M*A*S*H (1981) – No Sweat, Depressing News, and No Laughing Matter

The heat is getting to everybody in No Sweat. Written by John Rappaport, we join the 4077th for a sweltering night. First airing on 2 February, 1981, we find various members of the camp unable to sleep because of the heat, and the things they are doing to occupy their time instead.

B.J. (Mike Farrell) is worrying over a letter from Peg, which actually leads to the revelation of a deeper matter, that she may become so self-sufficient without him around that she won’t need him at all.

Charles (David Ogden Stiers) is going through his family’s financial records to properly sort them, with Mulcahy (William Christopher) ‘lending a helping hand.’ Klinger (Jamie Farr) is toying with the camp’s PA system, Houlihan (Loretta Swit) has a heat induced rash that is making things very uncomfortable, and every time Potter (Harry Morgan) gets to sleep, he’s roused with another thing he has to do.

Hawkeye (Alan Alda), B.J. and Houlihan also have to deal with a wounded soldier who needs a chopper out first thing in the morning.

Stress is high between Hawk and B.J. over the letter, Houlihan can’t sit down, Potter is in a dazed state having not sleep for three nights straight, and it all culminates in an inadvertent broadcast when Klinger gets the PA working.

Sure there’s a bit of personal embarrassment there, but it does remind us that laughter can be the best medicine. And perhaps they all just needed a good release, and a good night’s sleep.

9 February, 1981, brought us Depressing News from writer Dan Wilcox and Thad Mumford, which also found Alda behind the camera as director again.

Klinger decides to try his hand at being a reporter, and creates a paper for the 4077th, and scouts for stories, contributors, and most importantly, subscribers throughout the camp. He’s got some kinks to work out, but it’s not a bad idea, and Potter is quite happy to let him run with it.

Hawkeye finds a way to express himself after the camp is shipped an excess of tongue depressors. He goes about creating a monument from them. Each one is inscribed with a name of a wounded soldier that has passed through the camp, and it grows, and grows. catching the eye of Stars & Stripes who show up to document it, believing it could be used as a great recruitment tool.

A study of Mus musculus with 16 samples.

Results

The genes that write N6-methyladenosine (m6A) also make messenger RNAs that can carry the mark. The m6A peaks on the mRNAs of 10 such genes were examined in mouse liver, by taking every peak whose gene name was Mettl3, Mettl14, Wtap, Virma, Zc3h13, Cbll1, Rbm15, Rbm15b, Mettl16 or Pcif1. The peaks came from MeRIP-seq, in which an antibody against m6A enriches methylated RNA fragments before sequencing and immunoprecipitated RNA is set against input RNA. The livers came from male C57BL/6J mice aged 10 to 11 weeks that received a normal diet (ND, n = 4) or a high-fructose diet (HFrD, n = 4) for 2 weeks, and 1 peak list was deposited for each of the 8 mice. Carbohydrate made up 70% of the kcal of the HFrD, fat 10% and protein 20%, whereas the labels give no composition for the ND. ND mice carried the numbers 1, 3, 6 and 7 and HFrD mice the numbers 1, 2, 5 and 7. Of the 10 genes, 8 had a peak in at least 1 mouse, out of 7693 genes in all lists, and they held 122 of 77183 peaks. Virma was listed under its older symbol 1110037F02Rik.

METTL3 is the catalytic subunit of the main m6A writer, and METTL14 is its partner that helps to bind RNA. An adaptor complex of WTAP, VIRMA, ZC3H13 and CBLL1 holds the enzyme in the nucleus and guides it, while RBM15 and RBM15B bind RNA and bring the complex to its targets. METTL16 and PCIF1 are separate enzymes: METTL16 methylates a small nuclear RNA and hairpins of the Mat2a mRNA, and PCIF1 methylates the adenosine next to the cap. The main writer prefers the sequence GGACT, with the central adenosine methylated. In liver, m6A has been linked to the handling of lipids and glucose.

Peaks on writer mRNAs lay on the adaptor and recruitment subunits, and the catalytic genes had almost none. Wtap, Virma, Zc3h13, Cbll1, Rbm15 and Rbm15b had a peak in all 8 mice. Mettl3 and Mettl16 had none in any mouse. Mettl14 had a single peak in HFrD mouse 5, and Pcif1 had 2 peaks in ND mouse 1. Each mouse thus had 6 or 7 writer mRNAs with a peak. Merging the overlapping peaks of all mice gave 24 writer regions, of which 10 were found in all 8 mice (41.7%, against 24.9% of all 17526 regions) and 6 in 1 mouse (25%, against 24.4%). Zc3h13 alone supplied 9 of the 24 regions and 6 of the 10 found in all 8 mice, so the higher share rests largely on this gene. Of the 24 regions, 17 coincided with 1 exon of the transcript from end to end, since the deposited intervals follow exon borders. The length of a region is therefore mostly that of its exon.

But that is completely the opposite of what Hawkeye meant for his artistic expression, but with one final touch, he’s able to drive his point home; explosively.

The Klinger side of the episode plays as a lot of fun, and Alda balances it perfectly against Hawkeye’s story, and reminds us of the senseless nature and pointless destruction in war, leaving us something to think about as the credits roll.

I do like that Potter commemorates Hawk’s creation in another way.

No Laughing Matter was written by Elias Davis and David Pollock, and first debuted on 16 February, 1981.

Potter thinks there is going to be some trouble when Colonel Horace Baldwin (Robert Symonds) arrives in camp on a fact-finding mission. It seems Baldwin was the officer responsible for transferring Charles to the 4077th from his cushy position in Tokyo, and he’s worried Charles may try to exact some form of violent revenge.

But Charles is polite, charming, to the point of groveling before Baldwin if it has any possibility of seeing him returned to Tokyo. Baldwin drinks with him, plays cards with him, and then asks Charles to find him some female company for the night.

Unfortunately, Houlihan gets caught up in things and Charles either has to back Baldwin’s story, or the truth of his fellow officer.

Hawkeye, meanwhile, has taken a wager from B.J. that he can’t go a whole day without making any jokes, as he seems to use humor to keep people at a distance, and use it to cover his own fears and insecurities.

Both arcs actually deal with some important things, and are handled well. Solid work in a solid episode.

And there is still more to come from M*A*S*H!